Liberating Libby | Bush’s European Vacation | Faith-Based Legal Counsel

Pardon Me?—The 30-month sentence of former vice-presidential chief of staff Scooter Libby for obstruction of justice and perjury presents Dick Cheney with a dilemma. As assistant chief of staff in Gerald Ford’s administration, Cheney opposed Ford’s pardon of Richard Nixon. Cheney, who served in the House after Ford lost to Jimmy Carter, believed Ford should have waited. “I thought the pardon should have been delayed until after the 1974 [Congressional] election because I think it did cost us seats,” Cheney said after leaving the House.

Republican prospects of picking up House seats in 2008 are dim. An unpopular pardon by an unpopular president will make prospects worse. If Libby’s attorneys can’t delay the date their client is required to surrender to the Bureau of Prisons, Bush will have to issue a pardon while his approval numbers are at 30 percent. Or Libby will serve at least 15 months of his sentence before the 2008 election.

Congressional scholar Norman Ornstein says that Cheney was an institutionalist when he served in the House. Now Cheney is faced with supporting a pardon to save a friend who apparently took the fall for him, even if that pardon means a larger Democratic House majority.

Eurotrashed—Blowback from his “War on Terror” followed George W. Bush across Europe as he attended the G8 Summit. And it wasn’t coming from the protesters at the conference site. A Council of Europe Parliamentary Assembly report on U.S. extraordinary rendition and torture at secret “black site” prisons in Europe, scheduled to be released in late June, was leaked to the Washington Post while Bush was at the conference in Helingendamm, Germany.

The Post broke the story of secret CIA prisons in 2005, but at the request of the government, it withheld the locations. The Council of Europe report locates prisons in Poland and Romania. Once the report was leaked, Council of Europe rapporteur Dick Marty began speaking to reporters. Marty’s reporting was based in part on interviews with CIA agents haunted by the secret rendition and torture policy.

Marty, a Swiss senator and former prosecutor, put together the report over 19 months, and it will be available on-line from the Council of Europe and the websites of other human rights groups. The 70-page report is harshly critical of U.S. policy and the European collaboration that made it possible:


Some individuals were kept in secret detention centres for periods of several years, where they were subjected to degrading treatment and so-called “enhanced interrogation techniques” (essentially a euphemism for a kind of torture), in the name of gathering information, however unsound, which the United States claims has protected our common security. Elsewhere, others have been transferred thousands of miles into prisons whose locations they may never know, interrogated ceaselessly, physically and psychologically abused, before being released because they were plainly not the people being sought. After the suffering they went through, they were released without a word of apology or any compensation. . . . These are the terrible consequences of what in some quarters is called the “war on terror.”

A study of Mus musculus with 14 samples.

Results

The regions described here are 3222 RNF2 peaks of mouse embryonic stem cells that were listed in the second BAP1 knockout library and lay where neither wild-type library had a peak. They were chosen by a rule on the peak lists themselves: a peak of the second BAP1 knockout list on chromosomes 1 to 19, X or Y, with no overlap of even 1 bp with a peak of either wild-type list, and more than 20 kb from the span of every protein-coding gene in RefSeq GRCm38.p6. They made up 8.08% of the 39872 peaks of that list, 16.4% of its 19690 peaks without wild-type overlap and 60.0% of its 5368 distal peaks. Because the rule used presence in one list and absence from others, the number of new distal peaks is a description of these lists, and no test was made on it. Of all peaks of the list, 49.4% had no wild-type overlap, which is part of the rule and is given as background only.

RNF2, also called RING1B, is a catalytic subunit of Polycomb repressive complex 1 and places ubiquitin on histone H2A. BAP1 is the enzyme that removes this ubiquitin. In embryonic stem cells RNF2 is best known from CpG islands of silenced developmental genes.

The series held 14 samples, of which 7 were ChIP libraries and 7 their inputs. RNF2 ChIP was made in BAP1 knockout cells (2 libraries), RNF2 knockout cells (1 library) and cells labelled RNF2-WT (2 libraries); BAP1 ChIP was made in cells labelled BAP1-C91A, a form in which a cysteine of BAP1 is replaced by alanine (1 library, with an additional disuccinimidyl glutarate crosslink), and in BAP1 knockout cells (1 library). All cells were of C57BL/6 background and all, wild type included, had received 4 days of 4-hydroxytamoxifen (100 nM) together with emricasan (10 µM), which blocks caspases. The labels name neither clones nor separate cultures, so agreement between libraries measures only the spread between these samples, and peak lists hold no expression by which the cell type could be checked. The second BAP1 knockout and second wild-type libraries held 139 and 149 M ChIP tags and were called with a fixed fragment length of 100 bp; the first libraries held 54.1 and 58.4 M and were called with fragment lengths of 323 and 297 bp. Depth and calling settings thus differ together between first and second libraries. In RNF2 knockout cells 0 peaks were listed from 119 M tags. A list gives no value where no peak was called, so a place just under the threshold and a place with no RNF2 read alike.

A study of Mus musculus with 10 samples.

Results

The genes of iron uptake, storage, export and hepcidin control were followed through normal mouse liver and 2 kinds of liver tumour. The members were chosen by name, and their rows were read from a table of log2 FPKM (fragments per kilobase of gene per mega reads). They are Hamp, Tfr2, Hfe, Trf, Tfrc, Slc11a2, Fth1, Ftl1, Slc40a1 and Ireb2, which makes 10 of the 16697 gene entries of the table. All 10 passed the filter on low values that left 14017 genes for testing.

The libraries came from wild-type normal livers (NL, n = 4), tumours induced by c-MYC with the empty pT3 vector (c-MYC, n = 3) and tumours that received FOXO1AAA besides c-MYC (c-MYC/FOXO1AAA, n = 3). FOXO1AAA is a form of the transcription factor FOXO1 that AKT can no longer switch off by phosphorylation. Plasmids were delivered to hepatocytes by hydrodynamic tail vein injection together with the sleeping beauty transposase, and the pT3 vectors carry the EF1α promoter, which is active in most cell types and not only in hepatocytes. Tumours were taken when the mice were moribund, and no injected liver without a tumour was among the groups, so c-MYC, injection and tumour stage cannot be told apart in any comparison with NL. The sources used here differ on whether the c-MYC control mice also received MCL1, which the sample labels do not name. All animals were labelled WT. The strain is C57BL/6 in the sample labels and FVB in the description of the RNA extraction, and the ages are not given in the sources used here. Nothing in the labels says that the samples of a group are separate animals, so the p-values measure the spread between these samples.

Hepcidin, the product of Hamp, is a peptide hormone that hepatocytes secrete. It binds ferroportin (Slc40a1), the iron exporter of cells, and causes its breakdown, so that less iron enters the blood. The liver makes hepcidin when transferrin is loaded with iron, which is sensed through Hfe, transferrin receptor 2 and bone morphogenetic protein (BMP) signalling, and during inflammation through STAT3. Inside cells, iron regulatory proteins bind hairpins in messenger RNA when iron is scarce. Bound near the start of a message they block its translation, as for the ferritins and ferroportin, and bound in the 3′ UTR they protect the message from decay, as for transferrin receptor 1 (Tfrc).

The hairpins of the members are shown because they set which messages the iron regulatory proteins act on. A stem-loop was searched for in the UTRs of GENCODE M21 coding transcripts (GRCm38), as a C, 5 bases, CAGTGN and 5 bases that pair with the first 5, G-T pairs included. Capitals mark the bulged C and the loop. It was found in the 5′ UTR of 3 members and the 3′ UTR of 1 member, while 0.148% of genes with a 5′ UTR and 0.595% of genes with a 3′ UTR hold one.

When Bush arrived in Rome after the conference, 26 CIA agents were going on trial (in absentia) for the 2003 kidnapping of an Egyptian cleric in Milan. The cleric, Osama Moustafa Hassan, was taken to Cairo, where, he says, he was tortured. On the final day of the G8 summit, Bush retired to his hotel. White House aides said he was “feeling queasy.”

Onward, Christian Lawyers—The testimony of former Deputy Attorney General Monica Goodling focused attention on the hundreds of Christian-law-school graduates who work for the federal government. But when the White House added nine new lawyers to its house counsel staff, none of their CV’s resembled that of Ms. Goodling, who earned an undergraduate degree from Messiah College in Pennsylvania and a J.D. from the Rev. Pat Robertson’s Regent University.

The closest match to Goodling’s profile belonged to Texan Emmet Flood, who attended the Catholic University of Dallas but moved on to Yale Law. Vitas of the other eight new staff lawyers list undergraduate degrees from West Point, Yale, Brown, Cornell, Fairfield University and NYU and J.D.’s from Yale, the University of Pennsylvania, the University of Connecticut, Georgetown, Harvard and Columbia. Faced with 18 months of Congressional subpoenas, and possible criminal prosecution for (thus far) destruction of e-mails, which are by law government property, the White House is gathering a defense team that reflects the secular American meritocracy rather than the faith-based legal counsel exemplified by Goodling.